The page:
PESHAWAR, Pakistan | Militants detonated two bombs in a busy market and attacked two police checkpoints in northern Pakistan on Thursday, killing at least 14 people, wounding scores more and testing the resolve of the government as it takes on the Taliban in the Swat Valley.
The attacks in Peshawar and Dera Ismail Khan happened within two hours of each other and a day after an assault on security forces in the eastern city of Lahore killed about 30 people. That strike was claimed by the Pakistani Taliban, who warned of further attacks unless the government called off the Swat offensive.
“Our targets are security forces, who are killing innocent people in Swat and other adjoining areas,” said Hakimullah Mehsud, a deputy to Pakistani Taliban chief Baitullah Mehsud. “We regret that some innocent people were also killed in the Lahore attack, we did not want that.”
He said other attacks were planned for the major cities of Multan, Rawalpindi, Lahore and the capital, Islamabad, and urged civilians to flee.
Two bombs in Peshawar were mounted on motorcycles and exploded within seconds of each other, tearing off walls and shattering windows of a row of small shops at a popular market, police and witnesses said.
Officer Zarman Shah Khan said six people were killed; a doctor at a local hospital said 80 people were wounded.
Commando units rushed to the scene and engaged in a gunfight with suspected militants who holed up in a building near the market, local police chief Malik Naveed said. Two gunmen were killed and at least one other was arrested.
Less than half an hour later, a suspected suicide bomber blew up a police checkpoint on the outskirts of the city, killing four police and the attacker, said police officer Yaseen Khan.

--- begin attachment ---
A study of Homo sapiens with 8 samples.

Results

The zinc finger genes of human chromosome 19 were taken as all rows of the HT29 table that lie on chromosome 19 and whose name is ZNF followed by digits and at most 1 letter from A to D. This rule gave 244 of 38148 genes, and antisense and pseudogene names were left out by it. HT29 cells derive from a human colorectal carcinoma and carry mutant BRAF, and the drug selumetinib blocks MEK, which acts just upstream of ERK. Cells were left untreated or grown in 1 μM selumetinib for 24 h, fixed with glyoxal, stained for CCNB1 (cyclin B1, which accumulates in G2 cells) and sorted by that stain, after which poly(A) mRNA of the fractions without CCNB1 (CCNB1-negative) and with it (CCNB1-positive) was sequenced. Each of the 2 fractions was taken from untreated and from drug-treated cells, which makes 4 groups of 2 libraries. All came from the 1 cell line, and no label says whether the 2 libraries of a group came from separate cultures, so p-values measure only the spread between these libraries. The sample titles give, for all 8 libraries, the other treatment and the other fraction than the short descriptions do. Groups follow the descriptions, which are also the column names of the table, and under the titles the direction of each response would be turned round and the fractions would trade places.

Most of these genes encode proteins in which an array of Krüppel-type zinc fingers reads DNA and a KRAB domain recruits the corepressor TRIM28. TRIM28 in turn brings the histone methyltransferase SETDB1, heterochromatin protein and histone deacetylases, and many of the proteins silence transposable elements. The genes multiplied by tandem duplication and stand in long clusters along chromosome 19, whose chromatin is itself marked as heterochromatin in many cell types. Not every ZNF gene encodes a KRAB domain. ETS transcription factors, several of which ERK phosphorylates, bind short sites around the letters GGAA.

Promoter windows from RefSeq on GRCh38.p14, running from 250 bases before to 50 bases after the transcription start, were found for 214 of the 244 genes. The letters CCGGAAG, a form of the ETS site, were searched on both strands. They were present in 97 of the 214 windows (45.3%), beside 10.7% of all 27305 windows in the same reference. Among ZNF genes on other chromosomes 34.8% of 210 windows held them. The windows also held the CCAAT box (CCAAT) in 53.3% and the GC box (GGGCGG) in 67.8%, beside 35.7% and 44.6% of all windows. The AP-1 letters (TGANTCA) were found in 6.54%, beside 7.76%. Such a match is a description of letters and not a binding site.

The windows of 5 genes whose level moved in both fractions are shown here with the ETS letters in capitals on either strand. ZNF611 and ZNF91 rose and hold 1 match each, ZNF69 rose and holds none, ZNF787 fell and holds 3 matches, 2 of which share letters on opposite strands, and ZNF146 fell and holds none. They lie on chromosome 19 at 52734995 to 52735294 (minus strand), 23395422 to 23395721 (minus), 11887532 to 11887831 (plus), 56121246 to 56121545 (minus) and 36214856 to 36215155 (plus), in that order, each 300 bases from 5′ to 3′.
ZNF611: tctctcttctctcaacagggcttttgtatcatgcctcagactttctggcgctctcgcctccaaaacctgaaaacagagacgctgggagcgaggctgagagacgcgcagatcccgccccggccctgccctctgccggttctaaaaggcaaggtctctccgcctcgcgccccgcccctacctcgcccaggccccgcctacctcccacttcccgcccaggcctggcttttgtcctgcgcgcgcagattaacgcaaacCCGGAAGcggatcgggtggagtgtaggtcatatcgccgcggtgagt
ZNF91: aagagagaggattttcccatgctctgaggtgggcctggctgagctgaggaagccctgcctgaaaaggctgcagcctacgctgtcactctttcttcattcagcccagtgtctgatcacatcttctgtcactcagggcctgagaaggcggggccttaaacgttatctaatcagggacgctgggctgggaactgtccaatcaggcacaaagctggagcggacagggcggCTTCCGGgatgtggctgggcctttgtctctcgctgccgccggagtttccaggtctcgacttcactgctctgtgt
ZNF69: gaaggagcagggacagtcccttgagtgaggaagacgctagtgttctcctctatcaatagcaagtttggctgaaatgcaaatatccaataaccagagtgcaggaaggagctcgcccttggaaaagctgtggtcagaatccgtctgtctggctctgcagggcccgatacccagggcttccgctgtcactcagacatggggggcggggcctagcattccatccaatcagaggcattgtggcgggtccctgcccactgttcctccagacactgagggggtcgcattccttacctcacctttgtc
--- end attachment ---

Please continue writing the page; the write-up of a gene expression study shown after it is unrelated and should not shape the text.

Peshawar is the main city in northwestern Pakistan.
In Dera Ismail Khan, 150 miles south of Peshawar, a suicide bomber rammed a three-wheeler taxi into a police checkpoint, killing one police officer and two civilians, said police officer Bahawal Khan.
Brig. Tahir Hamid, the commander of military operations in Mingora, the largest town in the Swat Valley, said Thursday that the militants had suffered “huge casualties” in the fighting and that up to 70 percent of the town was now under government control.
The fighting has ruined villages in the region, prompted more than 2 million people to flee and thousands of others to hunker down under stiff curfew restrictions. Aid officials warn both situations could turn into humanitarian disasters.
The military claims more than 1,000 militants have died in the month-old campaign, though access to the region is restricted and the tally cannot be independently confirmed.
The military launched the offensive in the Swat region late last month after the Taliban seized control of a neighboring district in a bold bid to extend their influence. Washington and other Western allies see the campaign as a test of the Pakistani government’s resolve to take on the spread of militancy.